Financial Orders

A guide to an application for a Financial Order

The application

Whether you are the husband or the wife when you make an application for the court to determine the terms of your financial settlement the form is the same as is called a ‘Form A’.

When the court receives the application it will generate some standard directions to enable your case to progress to the next stage.  You will be given the following dates:


What happens at the first court appointment?

The first appointment is usually a short hearing and factual procedural matters are discussed rather than the terms upon which your case should conclude.

At the first appointment the court will consider what further information is required to enable the Court to determine how a final settlement can be reached.  The judge will order further dates for questionnaires to be answered and also consider what additional expert evidence is necessary.  For example the court may decide that formal property valuations are required or a pension report to determine how a fair pension share can be reached.

Following the hearing a further date will be fixed for the next stage in the proceedings.

It is essential that during the time period between the first and second hearing (FDR) all relevant evidence of financial positions is gathered to the full satisfaction of both parties.  If further information is required it is necessary to request the same from the other party or bring the matter back before the courts for a further short directions hearing for any outstanding issues to be dealt with.

What happens at the FDR?

The FDR (financial dispute resolution) hearing is usually the second court hearing. It is a longer hearing than the first and is designed to consider terms for settlement now all disclosure has been obtained and considered.

The FDR is a ‘without prejudice’ hearing, which means each of you is able to make proposals for settlement that cannot be referred to openly in court afterwards. Before the hearing both parties will set out in writing how they would each like to settle.  The Judge will read those letters and will try to assist you to come to a settlement.  Usually the Judge will give an indication, a view, of what they think could be an appropriate solution and how they might order financial settlement if they were the Judge at the final hearing.  If you are able to reach an agreement the court can potentially make an order that day to formalise your agreement and end the court proceedings.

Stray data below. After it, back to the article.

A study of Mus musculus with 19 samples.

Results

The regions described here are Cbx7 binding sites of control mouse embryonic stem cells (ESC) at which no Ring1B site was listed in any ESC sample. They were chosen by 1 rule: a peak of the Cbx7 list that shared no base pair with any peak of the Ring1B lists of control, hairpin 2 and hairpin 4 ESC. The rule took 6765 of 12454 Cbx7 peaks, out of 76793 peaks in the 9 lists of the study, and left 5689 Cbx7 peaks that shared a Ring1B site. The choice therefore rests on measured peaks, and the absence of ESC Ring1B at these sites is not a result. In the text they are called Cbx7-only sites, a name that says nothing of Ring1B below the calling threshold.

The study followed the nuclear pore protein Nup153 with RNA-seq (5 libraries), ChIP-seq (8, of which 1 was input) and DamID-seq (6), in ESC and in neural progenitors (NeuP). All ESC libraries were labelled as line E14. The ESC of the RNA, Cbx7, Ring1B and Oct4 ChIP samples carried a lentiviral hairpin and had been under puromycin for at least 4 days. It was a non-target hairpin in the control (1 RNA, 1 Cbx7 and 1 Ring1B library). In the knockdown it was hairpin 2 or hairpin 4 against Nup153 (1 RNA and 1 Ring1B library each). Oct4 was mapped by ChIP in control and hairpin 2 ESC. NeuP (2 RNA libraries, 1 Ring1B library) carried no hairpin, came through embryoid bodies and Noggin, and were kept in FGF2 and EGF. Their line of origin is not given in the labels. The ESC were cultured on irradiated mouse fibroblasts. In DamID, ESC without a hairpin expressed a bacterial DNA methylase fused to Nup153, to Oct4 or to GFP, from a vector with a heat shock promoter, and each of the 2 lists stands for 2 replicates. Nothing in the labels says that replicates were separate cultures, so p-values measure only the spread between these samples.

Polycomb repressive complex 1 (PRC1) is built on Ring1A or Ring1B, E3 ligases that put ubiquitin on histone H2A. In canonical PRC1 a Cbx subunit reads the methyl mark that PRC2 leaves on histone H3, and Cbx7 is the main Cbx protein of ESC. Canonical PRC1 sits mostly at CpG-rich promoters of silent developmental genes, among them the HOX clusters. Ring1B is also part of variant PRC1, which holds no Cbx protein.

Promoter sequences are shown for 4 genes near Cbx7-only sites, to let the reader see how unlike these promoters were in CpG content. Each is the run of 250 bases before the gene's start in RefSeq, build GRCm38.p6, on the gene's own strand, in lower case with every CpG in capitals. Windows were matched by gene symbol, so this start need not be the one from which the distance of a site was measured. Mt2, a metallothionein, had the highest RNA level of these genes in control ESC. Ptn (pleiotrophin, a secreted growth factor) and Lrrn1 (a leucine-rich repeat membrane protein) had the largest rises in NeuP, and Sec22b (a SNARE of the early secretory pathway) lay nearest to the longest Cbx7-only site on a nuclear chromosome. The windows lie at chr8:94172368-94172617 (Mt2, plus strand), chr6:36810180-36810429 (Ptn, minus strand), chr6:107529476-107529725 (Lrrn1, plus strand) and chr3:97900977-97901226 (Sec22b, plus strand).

If you are not able to conclude an agreement on the day the Judge cannot force you to do so and instead will give any further directions about what is needed to get the case ready for the court to make a decision.  This may include asking each of you to prepare a detailed statement and will fix a date for the final hearing.

What happens at the final hearing?

If it is not possible to reach an agreement, the court will decide at the final hearing (usually the third hearing) how you will financial separate.  The court will rule upon all outstanding issues such as any property, assets and income.   It is rare for proceedings to reach a final hearing.  Most people agree at either the FDR or shortly afterwards.

At a final hearing, the applicant presents their case first, then the respondent says what they want to happen. Each of you, and any experts you have asked for an opinion, will have to give evidence and be cross-examined by the other (or their legal representative if they have one). After hearing all the evidence and submissions from each of your legal teams, the judge will make an order about what should happen.

There is limited scope to have your costs paid by the other person in financial proceedings. The general rule is that each person pays their own legal fees.